Somebody had to do it, and Leslie Berlin figured it might as well be her. What she didn't expect was that her biography of Intel co-founder...
SAN JOSE, Calif. — Somebody had to do it, and Leslie Berlin figured it might as well be her.
What she didn’t expect was that her biography of Intel co-founder Bob Noyce would take 10 years to write and that she’d end up living with a ghost in the process.
“It was almost as if I was standing next to him as his life was happening,” says Berlin, a visiting scholar at Stanford who specializes in the history of technology.
History of technology. Bob Noyce’s life was that. He’s the man who as much as anyone helped make Silicon Valley what it is today.
Ten years is a long time to spend with someone — especially someone you’d never even heard of while he was alive. But Berlin’s knowledge of and affection for Noyce comes through in conversation and in “The Man Behind the Microchip: Robert Noyce and the Invention of Silicon Valley,” published by Oxford University Press.
It all started the way these things often start. In the mid-’90s, Berlin was out to read all she could about the history of Silicon Valley. It seemed every time she turned a page she ran into Noyce, who died in 1990.
“I decided to take a shortcut and read a biography about Noyce — and there wasn’t one.”
Still, her fascination grew. She wrote her doctoral thesis on Noyce. She sent a copy to Noyce’s second wife and widow, Ann Bowers.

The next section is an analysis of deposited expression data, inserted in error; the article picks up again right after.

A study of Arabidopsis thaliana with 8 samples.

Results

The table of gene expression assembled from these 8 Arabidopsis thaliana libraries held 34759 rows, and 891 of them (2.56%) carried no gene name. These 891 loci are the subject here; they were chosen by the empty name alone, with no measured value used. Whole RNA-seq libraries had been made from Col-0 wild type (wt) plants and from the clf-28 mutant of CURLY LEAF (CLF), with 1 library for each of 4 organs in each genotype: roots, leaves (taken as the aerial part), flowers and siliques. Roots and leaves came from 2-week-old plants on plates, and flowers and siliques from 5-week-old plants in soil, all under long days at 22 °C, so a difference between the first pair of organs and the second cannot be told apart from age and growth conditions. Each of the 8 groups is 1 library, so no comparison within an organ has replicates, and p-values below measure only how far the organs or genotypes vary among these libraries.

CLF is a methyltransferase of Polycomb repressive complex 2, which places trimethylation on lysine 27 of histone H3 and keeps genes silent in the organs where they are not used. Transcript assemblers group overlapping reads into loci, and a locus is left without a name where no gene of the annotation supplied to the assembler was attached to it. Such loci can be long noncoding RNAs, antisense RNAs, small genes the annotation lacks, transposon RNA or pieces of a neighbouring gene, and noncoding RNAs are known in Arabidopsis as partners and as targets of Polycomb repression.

“She said, ‘If you ever decide you want to do a biography, we would support that.’ “
Funny she should mention.
The Noyce family put Berlin onto piles of documents and helped with access to scores of Noyce contemporaries and disciples. Which isn’t to say the research was a breeze.
“One reason it took me so long,” Berlin, 35, says, “I had to go all over the place to find his stuff.”
She went to Intel, MIT, National Semiconductor. She went through people’s basements and visited Noyce’s hometown, Grinnell, Iowa.
Talk about the thrill of the hunt. Imagine stumbling across Noyce’s notes on groundbreaking circuit designs.
Or finding a letter in which Noyce complains about his old boss and Nobel winner, William Shockley. Or holding a dollar bill signed by all eight Fairchild founders. The crisp dollar served as the contract among them to start the company.
Berlin even read 12-year-old Bobby Noyce’s journal. In it he wrote, “My hobby is handicraft. I like this hobby because it is useful. You can make things cheaply that are worth a lot.”
“There’s the semiconductor industry for you,” she says.
Berlin often brought her work home to her husband and two kids.
“The extent to which my life and his life became intertwined. We’d talk about him at the dinner table.”
Her kids, ages 9 and 6, started referring to Noyce as “Mommy’s Bob.” They’d point out the Intel campus visible from Highway 101.
“It was a real honor getting to know him,” Berlin says. “It sounds sort of funny, but a real pleasure.”
And it wasn’t bad finishing the book, either. Especially knowing that it was a story that simply needed to be told.
Mike Cassidy is a columnist at the San Jose Mercury News.